Review for Week 6

Octavia’s Brood

The Token Superhero, the river, Evidence, Black Angel, Small and Bright, In Spite of Darkness, Hollow

One common thing in all of these stories above is that there is something bigger, stronger, and more powerful than the characters in the stories: racism, God, invaders, the Perfects, etc. In most of the stories characters are struggling or fighting against their enemies or something bigger than them. All the stories except Evidence are depressing or gloomy but all of them leave hope somehow. I personally liked The Token Superhero and Evidence because both stories show us that even if we cannot see the outcome immediately when we try to change the world, it surely has some impact and influence on the world regardless how big it is. It encourages me to take an action even if I feel I am powerless. This book gives readers a good opportunity to think of racism, what has happened or is happening to vulnerable people, possible futures, how we should change the world, and so on.

“A Cyborg Manifesto: Science, Technology, and Socialist-Feminism in the Late Twentieth Century”, Donna Haraway

“The cyborg is resolutely committed to partiality, irony, intimacy, and perversity” (292).

Cyborgs are “illegitimate offspring of militarism and patriarchal capitalism, not to mention state socialism” (293).

Haraway the author writes the new technologies made the homework economy possible and succeeded to attack on privileged men’s’ unionized jobs. I have a question on this. Is it a good idea to attack on someone privileged? I do not think so. As I wrote in my previous review, I believe that hate leads to another hate. Thus, attacking on privileged people brings hate and another attack. Also, I previously questioned that if it is necessary to “frame” everything in my other review. I think framing itself makes a barrier even if you “reframe” into what you think is in a good way. Therefore, it is better to make ‘everyone’s job’ equally safe than to attack ‘privileged people’s job.’

I like the idea of Haraway, “we can learn from our fusions with animals and machines how not to be Man, the embodiment of Western logos” (310). This idea will give us an opportunity to think of ourselves objectively, what we are. I also believe humans must learn from animals because they do not care what color other animals are and they can accept other race, for example, some dogs accept cats, birds, rabbits, not to mention humans. Why cannot people accept other races? Why do they fight against foreigners? The obvious answers are capitalism and politics, and because they we are selfish and greedy.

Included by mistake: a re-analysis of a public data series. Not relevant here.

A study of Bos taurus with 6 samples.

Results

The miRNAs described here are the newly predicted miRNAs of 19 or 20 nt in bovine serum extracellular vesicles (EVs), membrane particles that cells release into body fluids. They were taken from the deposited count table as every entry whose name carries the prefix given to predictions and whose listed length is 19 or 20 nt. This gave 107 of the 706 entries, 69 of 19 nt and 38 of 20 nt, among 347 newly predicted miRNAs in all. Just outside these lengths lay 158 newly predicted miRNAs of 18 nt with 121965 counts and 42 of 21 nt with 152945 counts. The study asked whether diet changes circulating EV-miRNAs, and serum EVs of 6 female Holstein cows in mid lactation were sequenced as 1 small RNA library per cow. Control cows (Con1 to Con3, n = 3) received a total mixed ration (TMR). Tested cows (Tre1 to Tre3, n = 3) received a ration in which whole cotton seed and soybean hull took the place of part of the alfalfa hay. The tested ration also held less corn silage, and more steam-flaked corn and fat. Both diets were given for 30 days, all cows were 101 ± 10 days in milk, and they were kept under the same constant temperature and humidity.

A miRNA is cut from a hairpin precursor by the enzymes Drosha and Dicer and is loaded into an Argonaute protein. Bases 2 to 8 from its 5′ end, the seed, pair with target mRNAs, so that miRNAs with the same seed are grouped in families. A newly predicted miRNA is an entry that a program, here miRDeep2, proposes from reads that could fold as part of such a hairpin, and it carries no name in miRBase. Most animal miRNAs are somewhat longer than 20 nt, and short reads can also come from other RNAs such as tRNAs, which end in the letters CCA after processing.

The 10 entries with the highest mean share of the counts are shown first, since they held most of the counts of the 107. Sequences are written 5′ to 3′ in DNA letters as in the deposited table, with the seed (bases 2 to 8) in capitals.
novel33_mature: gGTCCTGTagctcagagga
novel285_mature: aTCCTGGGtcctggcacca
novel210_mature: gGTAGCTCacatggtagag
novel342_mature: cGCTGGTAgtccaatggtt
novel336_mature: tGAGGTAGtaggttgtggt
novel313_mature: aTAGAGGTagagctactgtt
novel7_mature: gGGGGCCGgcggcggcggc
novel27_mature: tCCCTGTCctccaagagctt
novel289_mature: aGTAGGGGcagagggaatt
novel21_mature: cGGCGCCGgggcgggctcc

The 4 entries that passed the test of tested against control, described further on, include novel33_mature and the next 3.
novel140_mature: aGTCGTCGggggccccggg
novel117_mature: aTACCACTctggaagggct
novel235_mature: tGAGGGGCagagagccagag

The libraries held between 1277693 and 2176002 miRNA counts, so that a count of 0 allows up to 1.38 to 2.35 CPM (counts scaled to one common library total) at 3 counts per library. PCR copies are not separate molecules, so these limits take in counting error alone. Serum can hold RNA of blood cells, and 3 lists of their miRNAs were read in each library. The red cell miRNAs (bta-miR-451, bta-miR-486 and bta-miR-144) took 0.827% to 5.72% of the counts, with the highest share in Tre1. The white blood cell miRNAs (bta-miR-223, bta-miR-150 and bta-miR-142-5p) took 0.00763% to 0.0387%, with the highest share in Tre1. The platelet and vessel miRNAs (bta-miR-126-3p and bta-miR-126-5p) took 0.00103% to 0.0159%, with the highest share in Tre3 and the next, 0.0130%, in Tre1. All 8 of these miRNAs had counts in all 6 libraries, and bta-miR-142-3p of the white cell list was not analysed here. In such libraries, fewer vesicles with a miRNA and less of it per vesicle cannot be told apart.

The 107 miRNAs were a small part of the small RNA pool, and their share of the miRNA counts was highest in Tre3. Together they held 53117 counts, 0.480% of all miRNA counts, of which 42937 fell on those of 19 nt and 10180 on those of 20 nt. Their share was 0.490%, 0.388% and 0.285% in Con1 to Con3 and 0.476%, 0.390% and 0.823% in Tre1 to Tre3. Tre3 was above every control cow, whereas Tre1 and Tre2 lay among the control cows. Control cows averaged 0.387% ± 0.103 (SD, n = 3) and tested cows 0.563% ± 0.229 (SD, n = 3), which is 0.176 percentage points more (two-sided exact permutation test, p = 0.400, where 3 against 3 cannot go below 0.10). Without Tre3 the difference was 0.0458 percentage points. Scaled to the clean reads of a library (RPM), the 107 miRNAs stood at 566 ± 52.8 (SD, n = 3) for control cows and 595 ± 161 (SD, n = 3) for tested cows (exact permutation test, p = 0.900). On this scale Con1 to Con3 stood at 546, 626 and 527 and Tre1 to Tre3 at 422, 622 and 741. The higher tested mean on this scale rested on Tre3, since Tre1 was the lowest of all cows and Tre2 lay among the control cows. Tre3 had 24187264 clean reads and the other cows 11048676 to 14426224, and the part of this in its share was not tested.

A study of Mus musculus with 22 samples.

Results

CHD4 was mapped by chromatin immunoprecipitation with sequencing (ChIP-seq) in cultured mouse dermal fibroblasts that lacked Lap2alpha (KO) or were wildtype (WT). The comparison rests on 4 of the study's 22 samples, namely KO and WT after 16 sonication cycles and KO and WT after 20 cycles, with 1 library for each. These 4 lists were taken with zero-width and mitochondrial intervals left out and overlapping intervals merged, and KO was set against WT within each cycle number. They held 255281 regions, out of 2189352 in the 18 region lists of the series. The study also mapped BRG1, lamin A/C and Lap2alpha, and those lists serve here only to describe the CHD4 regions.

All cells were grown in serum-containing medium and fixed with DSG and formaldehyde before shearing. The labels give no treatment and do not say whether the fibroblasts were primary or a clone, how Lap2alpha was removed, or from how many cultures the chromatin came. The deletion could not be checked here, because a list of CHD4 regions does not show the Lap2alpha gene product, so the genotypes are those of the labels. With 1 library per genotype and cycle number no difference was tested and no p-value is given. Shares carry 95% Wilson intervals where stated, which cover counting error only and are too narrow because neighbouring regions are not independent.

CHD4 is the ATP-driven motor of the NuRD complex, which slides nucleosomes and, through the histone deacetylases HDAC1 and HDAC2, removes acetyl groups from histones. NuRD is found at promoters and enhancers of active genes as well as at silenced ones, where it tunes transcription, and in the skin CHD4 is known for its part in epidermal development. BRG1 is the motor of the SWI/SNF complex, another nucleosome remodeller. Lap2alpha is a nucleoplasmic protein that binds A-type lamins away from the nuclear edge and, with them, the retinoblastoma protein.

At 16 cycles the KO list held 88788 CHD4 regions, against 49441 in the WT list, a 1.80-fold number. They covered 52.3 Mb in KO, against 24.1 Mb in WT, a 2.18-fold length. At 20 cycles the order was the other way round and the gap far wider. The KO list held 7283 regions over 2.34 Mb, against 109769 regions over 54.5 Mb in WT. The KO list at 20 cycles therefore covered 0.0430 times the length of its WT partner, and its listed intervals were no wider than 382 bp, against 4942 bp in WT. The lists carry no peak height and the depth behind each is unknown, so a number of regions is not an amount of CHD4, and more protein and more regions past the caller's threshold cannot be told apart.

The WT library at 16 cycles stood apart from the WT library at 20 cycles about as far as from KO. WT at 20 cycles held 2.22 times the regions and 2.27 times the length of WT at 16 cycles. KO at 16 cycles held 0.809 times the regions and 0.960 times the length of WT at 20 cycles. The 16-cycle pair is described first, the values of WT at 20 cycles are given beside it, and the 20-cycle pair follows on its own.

I am not sure the author’s definition of cyborg. I thought the words, machines, cyborgs, androids get closer to human beings from left to right. And the word, robots include all of them. Machines are robots which do not have human forms, cyborgs are robots which have human forms but not intelligence, and androids are robots which have both human forms and intelligence, which are what I have assumed. It seems, however, that the author thinks cyborgs have human intelligence as well because Rachel the replicant from the film Blade Runner is written as an example of a fear of cyborg culture, love and confusion. I watched this film. Rachel and other replicants have a great intelligence and feelings as well.

There is a shocking phrase to me in this article, “A cyborg body is not innocent” (315). A cyborg body represents political and social intention. It was born with a certain purpose. Haraway insists that exploiting the image of cyborgs can show what is daily activity and experience, and also argues, “the production of universal, totalizing theory is a major mistake that misses most of reality” and “taking responsibility for the social relations of science and technology means refusing an anti-science metaphysics, a demonology of technology, and so means embracing the skillful task of reconstructing the boundaries of daily life, in partial connection with others, in communication with all of our parts” (316).

“Anthropocene, Capitalocene, Plantationocene, Chthulucene: Making Kin”,

 Donna Haraway

“Right now, the earth is full of refugees, human and not, without refuge” (160). This is so true that we must consider what we should and can do to solve this problem seriously.

“Make Kin Not Babies!” is a great idea although I personally think that we still need to make babies as well (maybe this does not mean “don’t make babies” but “make kin not by making babies”). Befriending, adopting kids (as well as animals) who need to refuge or were abandoned, or helping others, anything is okay. I believe that kin-making with others will help the world become a more peaceful and fair world.